President Donald Trump speaks during a campaign rally at the Duluth International Airport.
WASHINGTON - US President Donald Trump scrambled to quell an uproar over his failure to explicitly denounce white supremacist groups during his debate debacle with Joe Biden, who branded his election rival a "national embarrassment."
The bitter adversaries returned to the campaign trail one day after their off-the-rails showdown in Cleveland made headlines less for the substance than for its unrestrained chaos.
The toxic shout fest -- with Trump constantly interrupting and Biden launching personal attacks -- even prompted the overseeing Commission on Presidential Debates to announce it would be imposing new measures to help moderators "maintain order" at the upcoming two debates.
"The president of the United States conducted himself the way he did -- I think it was a national embarrassment," Biden said in Alliance, Ohio.
Trump, in an apparent attempt to tamp down outrage over his comments, called on white supremacist groups or the far-right Proud Boys to "stand down."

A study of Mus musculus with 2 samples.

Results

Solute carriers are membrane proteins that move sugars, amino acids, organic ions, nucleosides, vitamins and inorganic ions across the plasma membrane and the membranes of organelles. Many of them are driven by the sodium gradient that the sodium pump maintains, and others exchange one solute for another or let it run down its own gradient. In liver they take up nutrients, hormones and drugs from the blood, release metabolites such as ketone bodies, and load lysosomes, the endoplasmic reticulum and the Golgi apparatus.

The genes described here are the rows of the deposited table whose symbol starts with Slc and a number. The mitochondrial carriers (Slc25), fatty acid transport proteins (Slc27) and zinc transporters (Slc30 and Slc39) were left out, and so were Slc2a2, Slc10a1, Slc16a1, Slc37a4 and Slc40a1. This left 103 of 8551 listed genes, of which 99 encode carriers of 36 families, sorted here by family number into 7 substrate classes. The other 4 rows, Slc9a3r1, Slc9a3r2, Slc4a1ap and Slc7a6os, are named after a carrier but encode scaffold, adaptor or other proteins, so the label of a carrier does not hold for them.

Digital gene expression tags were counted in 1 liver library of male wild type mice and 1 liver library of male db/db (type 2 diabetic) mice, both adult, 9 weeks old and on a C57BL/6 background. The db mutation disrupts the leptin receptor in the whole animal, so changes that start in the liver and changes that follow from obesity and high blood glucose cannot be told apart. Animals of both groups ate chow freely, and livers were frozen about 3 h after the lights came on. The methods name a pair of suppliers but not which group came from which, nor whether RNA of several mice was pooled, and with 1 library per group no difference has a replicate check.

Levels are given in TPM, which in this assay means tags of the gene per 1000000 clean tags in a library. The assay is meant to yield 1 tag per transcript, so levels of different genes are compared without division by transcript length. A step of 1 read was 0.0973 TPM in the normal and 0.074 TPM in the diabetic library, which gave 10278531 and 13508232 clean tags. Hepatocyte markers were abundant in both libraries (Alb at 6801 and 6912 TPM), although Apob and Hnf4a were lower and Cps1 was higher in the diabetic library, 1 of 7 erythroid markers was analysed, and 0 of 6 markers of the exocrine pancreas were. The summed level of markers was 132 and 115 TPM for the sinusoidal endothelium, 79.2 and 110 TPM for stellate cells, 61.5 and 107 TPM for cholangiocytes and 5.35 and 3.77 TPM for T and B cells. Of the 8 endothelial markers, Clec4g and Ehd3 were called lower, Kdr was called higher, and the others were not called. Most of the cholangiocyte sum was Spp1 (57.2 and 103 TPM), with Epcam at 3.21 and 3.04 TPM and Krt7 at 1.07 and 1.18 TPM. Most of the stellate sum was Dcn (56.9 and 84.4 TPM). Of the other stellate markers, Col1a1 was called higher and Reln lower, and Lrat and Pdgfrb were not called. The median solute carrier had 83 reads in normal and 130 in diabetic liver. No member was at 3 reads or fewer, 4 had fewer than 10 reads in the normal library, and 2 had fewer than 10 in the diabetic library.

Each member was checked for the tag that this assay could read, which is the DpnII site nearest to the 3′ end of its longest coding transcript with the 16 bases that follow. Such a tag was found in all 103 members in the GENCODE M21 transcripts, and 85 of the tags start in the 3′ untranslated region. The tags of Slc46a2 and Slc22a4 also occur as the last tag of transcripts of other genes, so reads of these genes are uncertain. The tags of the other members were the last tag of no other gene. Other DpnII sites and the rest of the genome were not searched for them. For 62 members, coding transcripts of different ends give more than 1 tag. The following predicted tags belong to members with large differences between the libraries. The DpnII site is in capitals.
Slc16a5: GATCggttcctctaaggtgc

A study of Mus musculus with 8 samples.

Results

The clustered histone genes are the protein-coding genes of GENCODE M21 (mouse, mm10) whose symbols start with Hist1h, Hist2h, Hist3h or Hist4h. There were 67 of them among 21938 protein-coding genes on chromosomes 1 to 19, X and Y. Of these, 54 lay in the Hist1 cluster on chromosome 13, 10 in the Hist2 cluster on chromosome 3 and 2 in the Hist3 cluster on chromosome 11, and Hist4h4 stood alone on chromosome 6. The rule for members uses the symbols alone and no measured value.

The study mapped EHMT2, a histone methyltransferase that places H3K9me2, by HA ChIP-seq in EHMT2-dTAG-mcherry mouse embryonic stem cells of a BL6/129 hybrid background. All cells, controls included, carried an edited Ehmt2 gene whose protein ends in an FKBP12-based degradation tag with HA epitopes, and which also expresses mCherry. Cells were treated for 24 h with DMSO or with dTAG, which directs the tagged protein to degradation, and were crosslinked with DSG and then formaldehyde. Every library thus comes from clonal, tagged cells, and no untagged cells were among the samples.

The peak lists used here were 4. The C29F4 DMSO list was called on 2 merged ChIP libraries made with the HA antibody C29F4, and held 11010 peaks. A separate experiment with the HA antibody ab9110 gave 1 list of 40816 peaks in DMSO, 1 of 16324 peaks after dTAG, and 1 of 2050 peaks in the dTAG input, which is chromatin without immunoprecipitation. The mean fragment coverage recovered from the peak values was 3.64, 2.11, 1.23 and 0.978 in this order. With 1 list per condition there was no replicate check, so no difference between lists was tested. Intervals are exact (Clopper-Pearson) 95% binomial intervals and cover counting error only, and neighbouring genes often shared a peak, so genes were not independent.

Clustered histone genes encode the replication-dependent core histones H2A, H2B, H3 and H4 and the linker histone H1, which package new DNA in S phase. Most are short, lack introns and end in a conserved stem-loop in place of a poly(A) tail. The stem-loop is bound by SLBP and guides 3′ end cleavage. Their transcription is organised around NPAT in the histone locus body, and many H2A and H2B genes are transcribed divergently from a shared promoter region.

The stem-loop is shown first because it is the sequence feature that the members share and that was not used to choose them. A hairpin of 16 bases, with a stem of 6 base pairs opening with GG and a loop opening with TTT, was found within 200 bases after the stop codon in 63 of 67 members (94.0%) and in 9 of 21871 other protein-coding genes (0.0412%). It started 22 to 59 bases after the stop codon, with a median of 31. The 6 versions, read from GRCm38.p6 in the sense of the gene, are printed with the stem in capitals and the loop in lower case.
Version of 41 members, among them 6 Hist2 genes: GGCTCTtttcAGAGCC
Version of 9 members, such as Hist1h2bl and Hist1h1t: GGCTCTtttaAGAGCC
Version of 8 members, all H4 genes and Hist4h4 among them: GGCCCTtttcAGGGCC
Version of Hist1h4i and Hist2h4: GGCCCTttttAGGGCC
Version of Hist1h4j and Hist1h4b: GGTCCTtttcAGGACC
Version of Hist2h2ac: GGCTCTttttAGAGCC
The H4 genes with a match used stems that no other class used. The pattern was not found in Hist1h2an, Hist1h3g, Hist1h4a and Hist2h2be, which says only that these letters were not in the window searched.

"I don't know who Proud Boys are but whoever they are they have to stand down," Trump told reporters. "Stand down, let law enforcement do their work."
Trump's backpedalling came after multiple Republicans distanced themselves from the president's debate remark, with Senator Tim Scott, the only black Republican in the US Senate, saying Trump "needs to correct" his comments.
Several other Republicans reportedly offered similar reaction, including powerful Senate Majority Leader Mitch McConnell.
Snap polls on the debate performances of the presidential candidates leaned towards Biden, who withstood a barrage of barbs from the 74-year-old Trump while delivering some of his own.
An estimated 73.1 million people in the US watched the two candidates go toe-to-toe on TV, according to data firm Nielsen.